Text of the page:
Don’t be surprised if Federal Reserve Chair Janet Yellen quits her job leading the central bank as President-Elect Donald Trump takes the White House.
That’s one of the messages from Trump’s upset electoral victory over Democratic rival Hillary Clinton, says Barry Bannister, head strategist at investment bank Stifel.
“There is precedent for a contentious political transition in which Fed independence was a core priority leading to a change in Fed leadership,” he writes in a Nov. 9 report obtained by Newsmax Finance. “Former Fed Chairman Marriner Eccles resigned the Chairman's role in 1948 (Truman was elected) but remained on the Board until the Fed-Treasury Accord of 1951 secured Fed independence from the Treasury.”
During the election, Trump criticized Yellen for keeping interest rates near zero percent, a policy he says was designed to give a lift to President Barack Obama’s legacy of economic failure.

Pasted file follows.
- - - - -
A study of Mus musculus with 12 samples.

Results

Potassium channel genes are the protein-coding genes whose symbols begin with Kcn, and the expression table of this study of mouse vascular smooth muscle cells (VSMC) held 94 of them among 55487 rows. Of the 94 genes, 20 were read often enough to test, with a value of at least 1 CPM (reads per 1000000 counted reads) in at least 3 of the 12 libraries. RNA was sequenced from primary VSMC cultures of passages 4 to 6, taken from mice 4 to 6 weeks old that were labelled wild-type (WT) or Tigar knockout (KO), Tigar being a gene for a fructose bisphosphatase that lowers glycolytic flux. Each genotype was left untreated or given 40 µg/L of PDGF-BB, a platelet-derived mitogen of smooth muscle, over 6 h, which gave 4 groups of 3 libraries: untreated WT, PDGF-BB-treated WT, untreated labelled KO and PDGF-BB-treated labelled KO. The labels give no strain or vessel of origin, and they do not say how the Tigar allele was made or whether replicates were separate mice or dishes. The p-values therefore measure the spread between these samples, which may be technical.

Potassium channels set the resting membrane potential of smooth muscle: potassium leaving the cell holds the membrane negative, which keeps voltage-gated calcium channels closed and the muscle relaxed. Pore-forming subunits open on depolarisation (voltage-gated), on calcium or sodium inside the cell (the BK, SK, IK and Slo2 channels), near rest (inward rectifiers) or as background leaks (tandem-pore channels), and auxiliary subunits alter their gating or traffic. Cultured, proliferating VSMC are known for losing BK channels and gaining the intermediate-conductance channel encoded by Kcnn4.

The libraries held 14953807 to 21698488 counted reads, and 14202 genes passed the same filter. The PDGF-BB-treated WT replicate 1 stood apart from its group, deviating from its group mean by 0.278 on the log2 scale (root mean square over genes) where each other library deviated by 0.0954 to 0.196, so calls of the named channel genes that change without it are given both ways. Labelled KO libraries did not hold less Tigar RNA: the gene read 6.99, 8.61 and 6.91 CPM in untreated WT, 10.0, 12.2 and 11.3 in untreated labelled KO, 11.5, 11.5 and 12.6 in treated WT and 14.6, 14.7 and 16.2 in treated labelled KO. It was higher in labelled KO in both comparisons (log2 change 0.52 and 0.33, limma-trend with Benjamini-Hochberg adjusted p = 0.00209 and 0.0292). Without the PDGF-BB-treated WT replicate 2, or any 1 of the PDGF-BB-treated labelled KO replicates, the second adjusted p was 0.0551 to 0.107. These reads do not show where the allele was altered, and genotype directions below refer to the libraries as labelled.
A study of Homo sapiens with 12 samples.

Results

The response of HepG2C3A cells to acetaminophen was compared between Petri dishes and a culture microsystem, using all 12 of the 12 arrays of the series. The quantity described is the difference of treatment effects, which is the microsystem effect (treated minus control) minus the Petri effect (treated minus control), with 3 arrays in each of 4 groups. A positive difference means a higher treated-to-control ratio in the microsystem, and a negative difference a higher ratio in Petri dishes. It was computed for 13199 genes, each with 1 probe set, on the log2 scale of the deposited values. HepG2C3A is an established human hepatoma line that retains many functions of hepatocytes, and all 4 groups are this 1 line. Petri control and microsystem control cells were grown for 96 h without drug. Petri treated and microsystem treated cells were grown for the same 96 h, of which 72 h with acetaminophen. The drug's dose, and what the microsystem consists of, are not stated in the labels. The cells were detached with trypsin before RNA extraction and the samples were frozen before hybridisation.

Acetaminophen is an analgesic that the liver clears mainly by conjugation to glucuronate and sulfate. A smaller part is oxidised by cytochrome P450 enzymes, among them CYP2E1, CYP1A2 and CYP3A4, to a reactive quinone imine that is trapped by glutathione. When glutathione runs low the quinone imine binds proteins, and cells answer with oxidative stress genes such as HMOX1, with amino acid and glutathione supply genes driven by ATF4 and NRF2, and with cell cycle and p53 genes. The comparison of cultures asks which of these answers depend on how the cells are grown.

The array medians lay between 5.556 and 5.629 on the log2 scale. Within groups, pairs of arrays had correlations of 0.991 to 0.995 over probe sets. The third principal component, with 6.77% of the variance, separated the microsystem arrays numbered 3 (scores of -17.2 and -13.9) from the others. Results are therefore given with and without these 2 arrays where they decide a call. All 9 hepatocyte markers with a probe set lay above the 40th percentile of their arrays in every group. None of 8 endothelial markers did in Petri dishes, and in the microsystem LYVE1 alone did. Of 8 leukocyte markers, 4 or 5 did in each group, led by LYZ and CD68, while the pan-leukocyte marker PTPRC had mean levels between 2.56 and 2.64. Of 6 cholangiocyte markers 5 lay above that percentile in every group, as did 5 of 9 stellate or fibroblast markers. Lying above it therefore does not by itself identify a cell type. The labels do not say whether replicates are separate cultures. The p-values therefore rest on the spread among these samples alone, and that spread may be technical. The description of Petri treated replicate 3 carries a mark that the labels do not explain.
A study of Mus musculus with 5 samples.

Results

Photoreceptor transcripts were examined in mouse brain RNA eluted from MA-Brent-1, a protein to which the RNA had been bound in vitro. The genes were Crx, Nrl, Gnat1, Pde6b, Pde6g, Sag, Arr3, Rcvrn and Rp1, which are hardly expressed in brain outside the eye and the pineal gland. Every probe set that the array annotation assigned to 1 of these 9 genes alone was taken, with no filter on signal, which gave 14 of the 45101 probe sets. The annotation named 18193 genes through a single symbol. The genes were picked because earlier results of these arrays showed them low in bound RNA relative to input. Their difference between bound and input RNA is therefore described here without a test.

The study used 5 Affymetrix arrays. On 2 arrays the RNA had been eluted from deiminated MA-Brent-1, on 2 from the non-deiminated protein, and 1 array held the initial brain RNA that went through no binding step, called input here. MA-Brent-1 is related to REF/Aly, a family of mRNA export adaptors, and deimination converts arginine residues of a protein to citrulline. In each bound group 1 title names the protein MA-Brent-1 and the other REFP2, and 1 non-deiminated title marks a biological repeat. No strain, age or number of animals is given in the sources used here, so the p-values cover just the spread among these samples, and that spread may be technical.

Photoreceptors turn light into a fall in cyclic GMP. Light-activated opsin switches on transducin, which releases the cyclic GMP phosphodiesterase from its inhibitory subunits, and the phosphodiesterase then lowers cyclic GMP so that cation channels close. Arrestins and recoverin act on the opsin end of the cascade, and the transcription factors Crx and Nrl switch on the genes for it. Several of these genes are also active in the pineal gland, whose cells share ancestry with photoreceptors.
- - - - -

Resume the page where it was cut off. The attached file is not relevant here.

“While he could make it very uncomfortable for her to stay, Trump as president would not have the authority to fire Yellen because the central bank is an independent institution within the government,” Bloomberg News reported. “Members of the Fed board may not be removed from office for their policy views.”
Yellen will resist pressure to step down, according to the newswire.
“It’s ridiculous,” former Fed Vice Chair Alan Blinder said of suggestions Yellen would leave the central bank. “I’m just as sure as I can be that she would never do that,” added Blinder, who worked with Yellen at the Fed from 1994 to 1996.